How does water travel from the soil into the plant and make the journey upward into the leaves? Most of the water a plant uses is absorbed by the roots; without a pumping heart, how does the water move against gravitational forces, sometimes for several hundred feet?
The force at work is called transpirational pull, which can be visualized by imagining sipping a drink through a straw. Evaporation of water through stomata (tiny openings in leaves) creates the suction, pulling water continuously upward through the stem. The hotter and sunnier the day, the faster the evaporation and the faster the transpirational pull. Problems begin when the rate of transpiration exceeds the ability of the roots to absorb water from the soil (usually because the soil is too dry) and the plant wilts due to loss of turgor, or water pressure, within their cells.
How It Works
When water enters the root, it crosses the outer epidermis and moves toward the xylem (water-conducting tissue) by moving in the spaces between the cells or actually through them. Once water reaches the endodermis however, it runs into the impermeable band called the casparian strip that seals off the pathways between cells, thus forcing the water to keep moving only by going through the cells.
Tiny channels called aquaporins allow absorption and transport toward the xylem by osmosis. All of these layers serve as a filtration system. Once the water reaches the xylem, which is a series of open tubes, it moves quickly upward, continuing through xylem branches in leaf petioles, then into the midrib and tiny veins in the leaves, and ultimately into the cells themselves through osmosis.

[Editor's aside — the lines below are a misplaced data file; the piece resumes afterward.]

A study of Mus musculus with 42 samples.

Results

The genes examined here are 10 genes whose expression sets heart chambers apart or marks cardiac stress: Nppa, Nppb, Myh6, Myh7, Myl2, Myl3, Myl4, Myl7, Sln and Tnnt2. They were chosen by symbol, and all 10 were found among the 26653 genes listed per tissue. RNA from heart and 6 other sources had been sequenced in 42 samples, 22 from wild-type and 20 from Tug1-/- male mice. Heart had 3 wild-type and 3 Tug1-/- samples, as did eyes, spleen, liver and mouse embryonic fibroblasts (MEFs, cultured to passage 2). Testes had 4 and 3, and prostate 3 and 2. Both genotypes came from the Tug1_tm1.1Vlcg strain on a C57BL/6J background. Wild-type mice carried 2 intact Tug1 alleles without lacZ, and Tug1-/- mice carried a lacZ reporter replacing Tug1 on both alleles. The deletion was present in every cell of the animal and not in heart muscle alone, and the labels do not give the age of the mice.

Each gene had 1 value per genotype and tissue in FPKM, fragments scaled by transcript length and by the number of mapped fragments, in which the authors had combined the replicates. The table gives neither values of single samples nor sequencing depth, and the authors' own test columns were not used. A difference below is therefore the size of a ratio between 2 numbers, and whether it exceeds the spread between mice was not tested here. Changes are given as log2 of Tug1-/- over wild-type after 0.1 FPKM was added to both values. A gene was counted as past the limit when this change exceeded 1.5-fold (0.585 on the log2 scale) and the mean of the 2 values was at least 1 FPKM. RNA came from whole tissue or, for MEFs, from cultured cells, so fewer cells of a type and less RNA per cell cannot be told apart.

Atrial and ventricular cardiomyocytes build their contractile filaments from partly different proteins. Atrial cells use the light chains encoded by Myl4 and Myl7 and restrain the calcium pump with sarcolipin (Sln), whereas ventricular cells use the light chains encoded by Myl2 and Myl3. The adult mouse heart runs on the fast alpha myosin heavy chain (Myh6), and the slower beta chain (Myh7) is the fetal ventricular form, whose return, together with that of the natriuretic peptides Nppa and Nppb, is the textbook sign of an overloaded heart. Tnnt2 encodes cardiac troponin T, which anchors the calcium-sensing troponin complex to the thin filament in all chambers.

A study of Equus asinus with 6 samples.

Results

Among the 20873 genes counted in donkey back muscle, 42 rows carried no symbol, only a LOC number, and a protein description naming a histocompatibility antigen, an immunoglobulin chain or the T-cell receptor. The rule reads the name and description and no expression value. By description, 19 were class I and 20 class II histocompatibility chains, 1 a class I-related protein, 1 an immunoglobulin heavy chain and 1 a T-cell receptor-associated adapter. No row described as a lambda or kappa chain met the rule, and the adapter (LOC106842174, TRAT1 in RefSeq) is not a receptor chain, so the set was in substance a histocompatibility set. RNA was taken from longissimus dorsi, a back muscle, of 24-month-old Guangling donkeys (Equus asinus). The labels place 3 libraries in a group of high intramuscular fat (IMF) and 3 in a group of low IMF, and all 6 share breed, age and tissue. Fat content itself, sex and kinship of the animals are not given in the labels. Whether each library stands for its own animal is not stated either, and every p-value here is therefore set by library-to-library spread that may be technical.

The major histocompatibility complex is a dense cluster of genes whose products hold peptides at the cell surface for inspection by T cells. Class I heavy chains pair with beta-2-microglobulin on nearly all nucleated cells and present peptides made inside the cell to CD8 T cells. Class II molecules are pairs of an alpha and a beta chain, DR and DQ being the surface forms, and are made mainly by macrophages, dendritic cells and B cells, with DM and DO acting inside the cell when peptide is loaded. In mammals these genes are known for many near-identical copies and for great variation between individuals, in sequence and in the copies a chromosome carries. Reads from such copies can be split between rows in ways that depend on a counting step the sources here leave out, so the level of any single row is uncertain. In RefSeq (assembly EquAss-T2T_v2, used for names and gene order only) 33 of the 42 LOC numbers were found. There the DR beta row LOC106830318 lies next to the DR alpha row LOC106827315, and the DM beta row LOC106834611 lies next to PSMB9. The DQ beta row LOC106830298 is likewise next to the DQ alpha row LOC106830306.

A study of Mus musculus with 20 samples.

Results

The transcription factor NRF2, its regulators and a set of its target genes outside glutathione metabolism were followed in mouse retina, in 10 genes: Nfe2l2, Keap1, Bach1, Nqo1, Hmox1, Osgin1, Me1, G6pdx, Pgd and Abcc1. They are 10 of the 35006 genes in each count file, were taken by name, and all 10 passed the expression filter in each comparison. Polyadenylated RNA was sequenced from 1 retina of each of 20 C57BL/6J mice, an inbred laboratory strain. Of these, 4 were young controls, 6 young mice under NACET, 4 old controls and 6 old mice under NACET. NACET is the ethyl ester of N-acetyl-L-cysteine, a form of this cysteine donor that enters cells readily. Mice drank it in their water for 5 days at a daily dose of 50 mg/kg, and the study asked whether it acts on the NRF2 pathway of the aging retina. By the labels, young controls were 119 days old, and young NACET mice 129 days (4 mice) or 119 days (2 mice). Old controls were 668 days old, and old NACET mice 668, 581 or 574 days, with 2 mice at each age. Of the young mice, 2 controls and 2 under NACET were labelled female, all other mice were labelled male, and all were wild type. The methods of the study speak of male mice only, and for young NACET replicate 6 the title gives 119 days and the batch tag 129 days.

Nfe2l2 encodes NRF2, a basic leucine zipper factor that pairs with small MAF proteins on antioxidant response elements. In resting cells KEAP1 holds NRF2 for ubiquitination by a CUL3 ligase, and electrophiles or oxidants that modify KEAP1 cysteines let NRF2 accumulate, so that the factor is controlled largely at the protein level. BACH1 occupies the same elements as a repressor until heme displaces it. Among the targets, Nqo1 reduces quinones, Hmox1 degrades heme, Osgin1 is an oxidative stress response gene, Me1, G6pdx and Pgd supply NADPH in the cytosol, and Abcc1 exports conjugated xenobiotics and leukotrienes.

Bonds That Can Be Broken
In order to keep the whole thing working, it is important that water keeps moving in an unbroken flow. This is possible because water molecules bind together, or are cohesive. The bonds are strong enough to keep the molecules stuck together even as they travel up to great heights. However, if the transpirational pull becomes too great (as on a hot day), the cohesion is broken and an air bubble, or embolism forms. Unless the bonds can be reestablished (sometimes water will enter the xylem from surrounding cells and fill the gap and force the air to dissolve), the flow of water is permanently interrupted. Water can be diverted around the embolism by moving laterally into other xylem tubes, but if too many embolisms are present the part of the plant above them will die.
Other causes of embolisms are drought (transpirational pull eventually exceeds the rate of water coming in from the roots, so cohesion is broken) and freezing, where air is forced out of water as it freezes within the plant.